The Brutality of Man, The Art of Animals

We have discussed the “flatness” of the characters in this novel during class quite often. What we have been unable to pinpoint, however, is what appears to be the reasoning for these flat characters.

I note the animalistic qualities of man throughout the novel. Firstly, the RedBlacks. These men are the perfect animal. Unthinking, unfeeling, and brutal. When one (the Tutor) is not, he is the outcast. The perfect RedBlack is a violent pawn. The perfect RedBlack would be considered perfectly animalistic in his movements.

Then, we may look at the other characters and their “construction.” Morgan’s flatness, for example, transforms him in a one dimensional character. They are all “cliches,” some greater than others. But what does this do? Are humans not expected to have depth, purpose, and understanding? So – what then, happens when they don’t hold these (or don’t appear to hold these) innate human qualities? Are they human any longer?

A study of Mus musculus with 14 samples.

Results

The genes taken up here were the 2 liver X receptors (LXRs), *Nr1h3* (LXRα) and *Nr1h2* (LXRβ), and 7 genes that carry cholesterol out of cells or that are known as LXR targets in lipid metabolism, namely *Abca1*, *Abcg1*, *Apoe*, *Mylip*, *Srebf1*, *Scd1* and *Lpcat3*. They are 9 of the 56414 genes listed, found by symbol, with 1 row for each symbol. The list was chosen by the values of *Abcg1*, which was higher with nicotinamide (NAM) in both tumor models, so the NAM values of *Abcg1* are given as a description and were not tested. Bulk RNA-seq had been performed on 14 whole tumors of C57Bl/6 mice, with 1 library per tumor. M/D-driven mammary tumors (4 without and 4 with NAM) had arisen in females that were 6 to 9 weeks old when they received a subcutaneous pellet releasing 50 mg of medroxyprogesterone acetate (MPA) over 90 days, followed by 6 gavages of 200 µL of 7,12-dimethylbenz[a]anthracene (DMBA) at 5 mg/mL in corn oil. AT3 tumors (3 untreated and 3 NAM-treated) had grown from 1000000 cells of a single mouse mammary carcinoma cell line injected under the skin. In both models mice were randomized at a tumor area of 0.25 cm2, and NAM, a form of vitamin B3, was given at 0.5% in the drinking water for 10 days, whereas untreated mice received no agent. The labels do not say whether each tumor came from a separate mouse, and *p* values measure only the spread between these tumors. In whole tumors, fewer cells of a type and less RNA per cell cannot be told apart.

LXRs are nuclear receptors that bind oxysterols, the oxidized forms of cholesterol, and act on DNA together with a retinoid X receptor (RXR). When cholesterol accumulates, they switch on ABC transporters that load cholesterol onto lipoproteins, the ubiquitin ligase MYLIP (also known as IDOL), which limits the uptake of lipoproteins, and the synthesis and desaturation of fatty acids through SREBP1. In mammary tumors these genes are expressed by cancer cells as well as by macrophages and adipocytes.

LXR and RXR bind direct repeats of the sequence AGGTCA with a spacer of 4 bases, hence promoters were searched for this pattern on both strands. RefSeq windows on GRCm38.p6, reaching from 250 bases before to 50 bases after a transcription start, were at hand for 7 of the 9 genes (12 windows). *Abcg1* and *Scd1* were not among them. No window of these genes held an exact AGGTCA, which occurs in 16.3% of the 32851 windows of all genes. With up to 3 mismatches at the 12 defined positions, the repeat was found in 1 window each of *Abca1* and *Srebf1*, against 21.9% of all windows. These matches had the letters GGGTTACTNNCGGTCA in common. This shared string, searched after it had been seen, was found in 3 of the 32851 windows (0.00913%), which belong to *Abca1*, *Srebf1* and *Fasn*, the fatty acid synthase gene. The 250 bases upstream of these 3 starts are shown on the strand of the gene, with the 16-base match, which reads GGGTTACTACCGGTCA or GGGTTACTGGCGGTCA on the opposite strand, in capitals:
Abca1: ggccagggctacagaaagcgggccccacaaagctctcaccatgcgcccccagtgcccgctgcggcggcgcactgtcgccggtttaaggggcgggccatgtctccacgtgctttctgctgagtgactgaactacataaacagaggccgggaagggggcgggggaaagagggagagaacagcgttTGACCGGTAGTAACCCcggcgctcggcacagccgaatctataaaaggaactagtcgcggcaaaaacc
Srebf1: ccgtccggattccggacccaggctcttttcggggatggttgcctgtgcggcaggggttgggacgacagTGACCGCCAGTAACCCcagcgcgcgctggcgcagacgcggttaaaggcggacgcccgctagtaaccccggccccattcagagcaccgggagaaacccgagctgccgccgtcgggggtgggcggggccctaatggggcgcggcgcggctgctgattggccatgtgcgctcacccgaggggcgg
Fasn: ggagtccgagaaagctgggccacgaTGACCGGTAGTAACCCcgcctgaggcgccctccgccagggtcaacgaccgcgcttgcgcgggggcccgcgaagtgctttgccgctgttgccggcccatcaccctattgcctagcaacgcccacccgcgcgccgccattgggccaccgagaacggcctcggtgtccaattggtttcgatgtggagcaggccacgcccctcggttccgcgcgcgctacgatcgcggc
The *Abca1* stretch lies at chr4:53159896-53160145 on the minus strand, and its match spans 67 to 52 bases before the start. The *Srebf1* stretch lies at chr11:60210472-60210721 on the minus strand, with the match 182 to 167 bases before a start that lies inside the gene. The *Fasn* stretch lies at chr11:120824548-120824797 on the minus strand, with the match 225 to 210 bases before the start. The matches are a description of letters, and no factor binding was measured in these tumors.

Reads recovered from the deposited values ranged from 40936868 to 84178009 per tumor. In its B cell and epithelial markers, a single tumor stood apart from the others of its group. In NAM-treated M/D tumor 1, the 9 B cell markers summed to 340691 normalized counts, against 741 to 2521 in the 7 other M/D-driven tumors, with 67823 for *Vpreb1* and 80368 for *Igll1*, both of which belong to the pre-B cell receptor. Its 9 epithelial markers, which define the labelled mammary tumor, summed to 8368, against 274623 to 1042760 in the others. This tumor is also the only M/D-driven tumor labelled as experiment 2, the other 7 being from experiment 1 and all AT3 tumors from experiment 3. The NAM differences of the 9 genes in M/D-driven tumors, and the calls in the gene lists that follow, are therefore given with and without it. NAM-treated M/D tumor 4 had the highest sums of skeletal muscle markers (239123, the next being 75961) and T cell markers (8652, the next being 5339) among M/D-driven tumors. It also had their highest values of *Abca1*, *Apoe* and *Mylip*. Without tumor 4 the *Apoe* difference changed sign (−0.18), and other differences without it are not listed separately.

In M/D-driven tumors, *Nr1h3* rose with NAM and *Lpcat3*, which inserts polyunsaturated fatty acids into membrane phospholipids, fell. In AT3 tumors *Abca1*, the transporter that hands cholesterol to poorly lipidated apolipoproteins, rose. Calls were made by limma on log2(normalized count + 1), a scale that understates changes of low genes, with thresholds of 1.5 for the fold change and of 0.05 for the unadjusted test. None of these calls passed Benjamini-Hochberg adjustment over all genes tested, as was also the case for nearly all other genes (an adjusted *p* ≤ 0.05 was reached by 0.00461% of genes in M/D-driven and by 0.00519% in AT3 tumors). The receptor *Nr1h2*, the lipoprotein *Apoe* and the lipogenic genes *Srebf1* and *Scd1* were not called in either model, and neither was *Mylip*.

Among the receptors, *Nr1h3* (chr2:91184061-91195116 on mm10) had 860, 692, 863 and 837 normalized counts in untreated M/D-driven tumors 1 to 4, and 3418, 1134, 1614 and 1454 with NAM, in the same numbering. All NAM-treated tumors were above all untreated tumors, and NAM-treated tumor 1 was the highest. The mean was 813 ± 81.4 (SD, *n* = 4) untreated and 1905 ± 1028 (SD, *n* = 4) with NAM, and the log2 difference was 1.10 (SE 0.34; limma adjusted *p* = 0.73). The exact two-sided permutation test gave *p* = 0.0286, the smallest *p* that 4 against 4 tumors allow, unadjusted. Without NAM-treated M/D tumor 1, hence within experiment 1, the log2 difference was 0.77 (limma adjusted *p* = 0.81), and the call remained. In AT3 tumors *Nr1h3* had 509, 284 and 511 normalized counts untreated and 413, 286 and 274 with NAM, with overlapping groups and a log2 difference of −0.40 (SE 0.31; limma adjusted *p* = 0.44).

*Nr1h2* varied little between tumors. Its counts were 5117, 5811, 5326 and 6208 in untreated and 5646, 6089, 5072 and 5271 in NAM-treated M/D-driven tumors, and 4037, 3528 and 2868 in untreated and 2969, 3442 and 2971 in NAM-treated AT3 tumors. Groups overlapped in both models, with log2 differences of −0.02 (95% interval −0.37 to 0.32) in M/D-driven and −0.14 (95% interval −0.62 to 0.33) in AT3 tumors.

Animals, however, the birds, more precisely, are pieces of art. They love, they sacrifice, and they create entertainment and artworks that the people in the novel do not do. The birds follow Morgan to their death and do so without question. They feel an affection toward him that others in the novel do not feel to other humans. The birds are, arguably, the only place in the novel where a love occurs. A love not based on pretense, and instead, a love so human that the animals have become more like man than man.